Mumbai: India’s market regulator plans to delist more than 4,000 listed companies whose shares are not actively traded, as it tightens supervision of Asia’s fourth-largest stock market.
The clean-up includes 1,200 companies whose shares have been suspended from trading on the BSE Ltd. and the National Stock Exchange of India Ltd. for the past seven years, U K Sinha, chairman of the Securities & Exchange Board of India, said in Mumbai. The 3,000 companies listed on the defunct regional bourses would also face the axe, he said.
“Having a large number of listed companies is a source of nuisance,” Sinha said. “They were being used to manipulate markets and avoid taxes. Cleaning up is a focus area this year.”
SEBI, in a bid to weed out illiquid stocks, in January allowed owners of small companies, where trading had been less than 10 percent of the total shares in the previous 12 months, to take them private. While more than 5,400 companies are listed on the BSE, the top 500 make up 95 percent of the total market value, according to the bourse’s website.
“The move can help participants and stock exchanges focus their energies on the large and liquid companies,” Jagannadham Thunuguntla, head of fundamental research at Karvy Stock Broking Ltd., said by phone from Hyderabad. “There can be operational issues. The model must be executed after taking into account various stakeholders’ point of view.”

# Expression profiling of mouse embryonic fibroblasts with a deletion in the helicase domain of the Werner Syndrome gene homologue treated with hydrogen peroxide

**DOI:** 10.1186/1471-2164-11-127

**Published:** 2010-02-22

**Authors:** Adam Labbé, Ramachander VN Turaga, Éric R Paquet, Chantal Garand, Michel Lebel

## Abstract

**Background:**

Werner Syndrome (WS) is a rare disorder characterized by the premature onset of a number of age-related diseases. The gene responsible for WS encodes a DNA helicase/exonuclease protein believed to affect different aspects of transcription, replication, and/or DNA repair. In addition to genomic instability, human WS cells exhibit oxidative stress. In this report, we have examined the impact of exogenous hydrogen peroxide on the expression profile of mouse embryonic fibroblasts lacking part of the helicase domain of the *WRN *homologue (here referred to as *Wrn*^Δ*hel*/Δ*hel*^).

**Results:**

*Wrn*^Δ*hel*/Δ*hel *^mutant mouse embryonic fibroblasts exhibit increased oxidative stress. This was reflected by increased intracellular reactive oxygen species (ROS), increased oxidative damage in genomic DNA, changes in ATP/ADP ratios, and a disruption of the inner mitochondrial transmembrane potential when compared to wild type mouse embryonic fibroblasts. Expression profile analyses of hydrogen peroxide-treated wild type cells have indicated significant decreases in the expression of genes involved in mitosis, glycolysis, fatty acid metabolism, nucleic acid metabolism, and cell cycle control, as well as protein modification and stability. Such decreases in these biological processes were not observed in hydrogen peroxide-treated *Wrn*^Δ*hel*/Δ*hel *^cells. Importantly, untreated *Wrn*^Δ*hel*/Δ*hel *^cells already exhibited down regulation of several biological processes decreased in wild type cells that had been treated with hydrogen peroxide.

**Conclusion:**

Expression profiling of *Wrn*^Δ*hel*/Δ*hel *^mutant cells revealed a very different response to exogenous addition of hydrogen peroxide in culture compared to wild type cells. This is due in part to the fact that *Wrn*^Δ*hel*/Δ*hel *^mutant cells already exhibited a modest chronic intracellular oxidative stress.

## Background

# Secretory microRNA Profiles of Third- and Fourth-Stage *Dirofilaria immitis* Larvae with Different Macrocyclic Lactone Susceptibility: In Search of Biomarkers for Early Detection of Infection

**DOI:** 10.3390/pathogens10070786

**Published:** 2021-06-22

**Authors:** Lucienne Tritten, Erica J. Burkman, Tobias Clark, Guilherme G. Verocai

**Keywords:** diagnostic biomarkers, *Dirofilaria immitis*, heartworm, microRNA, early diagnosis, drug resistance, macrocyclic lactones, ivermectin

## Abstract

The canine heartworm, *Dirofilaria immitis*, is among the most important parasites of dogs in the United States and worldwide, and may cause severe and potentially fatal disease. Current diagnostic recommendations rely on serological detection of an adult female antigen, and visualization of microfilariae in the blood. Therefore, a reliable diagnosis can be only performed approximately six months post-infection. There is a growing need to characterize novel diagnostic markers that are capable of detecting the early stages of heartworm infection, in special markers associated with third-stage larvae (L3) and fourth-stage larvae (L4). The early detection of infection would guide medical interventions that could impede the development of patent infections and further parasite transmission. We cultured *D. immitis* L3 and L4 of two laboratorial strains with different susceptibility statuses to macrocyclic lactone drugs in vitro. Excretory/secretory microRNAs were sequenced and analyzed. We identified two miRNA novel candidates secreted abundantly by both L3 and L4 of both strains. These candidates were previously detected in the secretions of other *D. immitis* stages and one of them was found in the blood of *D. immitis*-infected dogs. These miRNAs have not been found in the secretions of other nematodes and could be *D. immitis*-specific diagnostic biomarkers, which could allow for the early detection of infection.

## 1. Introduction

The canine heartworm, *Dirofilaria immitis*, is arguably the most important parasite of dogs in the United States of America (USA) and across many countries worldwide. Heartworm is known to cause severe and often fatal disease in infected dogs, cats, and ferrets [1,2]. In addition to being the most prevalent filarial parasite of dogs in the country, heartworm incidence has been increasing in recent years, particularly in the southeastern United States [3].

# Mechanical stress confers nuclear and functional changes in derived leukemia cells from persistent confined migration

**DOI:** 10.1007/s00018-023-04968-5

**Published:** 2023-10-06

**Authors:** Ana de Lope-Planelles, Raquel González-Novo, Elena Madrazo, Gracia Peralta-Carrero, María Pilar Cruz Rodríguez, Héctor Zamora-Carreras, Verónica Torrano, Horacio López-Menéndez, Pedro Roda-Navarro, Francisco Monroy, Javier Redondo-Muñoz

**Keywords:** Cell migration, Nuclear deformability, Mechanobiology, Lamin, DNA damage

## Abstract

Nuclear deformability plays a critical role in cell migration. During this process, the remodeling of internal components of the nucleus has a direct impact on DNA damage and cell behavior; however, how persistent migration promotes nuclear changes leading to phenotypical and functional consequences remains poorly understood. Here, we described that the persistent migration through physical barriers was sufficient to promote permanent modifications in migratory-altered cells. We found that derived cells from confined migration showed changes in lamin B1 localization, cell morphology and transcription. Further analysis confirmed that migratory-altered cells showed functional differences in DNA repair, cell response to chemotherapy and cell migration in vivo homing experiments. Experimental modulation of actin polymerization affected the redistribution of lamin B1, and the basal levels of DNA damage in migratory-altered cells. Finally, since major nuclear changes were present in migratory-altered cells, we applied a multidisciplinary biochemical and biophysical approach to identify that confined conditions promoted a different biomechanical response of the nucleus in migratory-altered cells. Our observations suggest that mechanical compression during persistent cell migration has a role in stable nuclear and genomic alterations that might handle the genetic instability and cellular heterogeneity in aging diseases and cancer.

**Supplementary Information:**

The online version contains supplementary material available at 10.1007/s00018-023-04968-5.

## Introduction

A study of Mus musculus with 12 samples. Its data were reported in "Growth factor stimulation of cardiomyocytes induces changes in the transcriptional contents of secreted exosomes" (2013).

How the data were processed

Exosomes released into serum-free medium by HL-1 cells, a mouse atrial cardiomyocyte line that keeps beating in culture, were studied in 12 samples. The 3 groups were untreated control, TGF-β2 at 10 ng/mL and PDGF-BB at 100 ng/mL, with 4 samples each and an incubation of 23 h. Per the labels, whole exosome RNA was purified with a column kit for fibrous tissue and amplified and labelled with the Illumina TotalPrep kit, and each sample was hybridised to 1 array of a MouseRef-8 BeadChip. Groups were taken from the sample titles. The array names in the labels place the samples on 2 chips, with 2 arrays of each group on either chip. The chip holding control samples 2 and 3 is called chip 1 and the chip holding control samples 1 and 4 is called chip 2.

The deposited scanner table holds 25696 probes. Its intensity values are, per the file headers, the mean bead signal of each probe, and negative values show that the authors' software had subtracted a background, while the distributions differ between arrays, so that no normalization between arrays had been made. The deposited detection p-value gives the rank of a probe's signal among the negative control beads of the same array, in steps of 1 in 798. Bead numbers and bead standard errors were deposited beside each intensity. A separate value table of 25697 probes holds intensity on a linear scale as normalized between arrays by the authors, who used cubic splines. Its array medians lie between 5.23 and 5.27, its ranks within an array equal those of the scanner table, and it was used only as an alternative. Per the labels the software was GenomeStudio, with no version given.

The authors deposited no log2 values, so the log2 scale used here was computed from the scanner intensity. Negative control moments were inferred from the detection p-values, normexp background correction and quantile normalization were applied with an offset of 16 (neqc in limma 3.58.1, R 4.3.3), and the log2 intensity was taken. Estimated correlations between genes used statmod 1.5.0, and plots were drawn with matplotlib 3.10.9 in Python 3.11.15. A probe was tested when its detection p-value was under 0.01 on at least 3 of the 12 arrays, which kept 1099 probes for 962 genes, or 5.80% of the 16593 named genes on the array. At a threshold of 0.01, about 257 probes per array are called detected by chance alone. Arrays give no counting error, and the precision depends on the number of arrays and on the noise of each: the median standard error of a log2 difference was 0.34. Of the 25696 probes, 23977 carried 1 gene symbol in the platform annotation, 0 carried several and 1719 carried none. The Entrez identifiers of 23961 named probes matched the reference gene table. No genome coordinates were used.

Founders of the companies marked for delisting will be required to make exit offers to shareholders by setting a fair value to their shares, which will be determined by an independent valuer, Sinha said. Companies willing to resume trading on the BSE and NSE would be allowed to do so after meeting regulatory requirements. Founders who don’t comply “will face the music,” he said.
“Sebi is a substantially empowered regulator and the law allows us to take action against them,” Sinha said.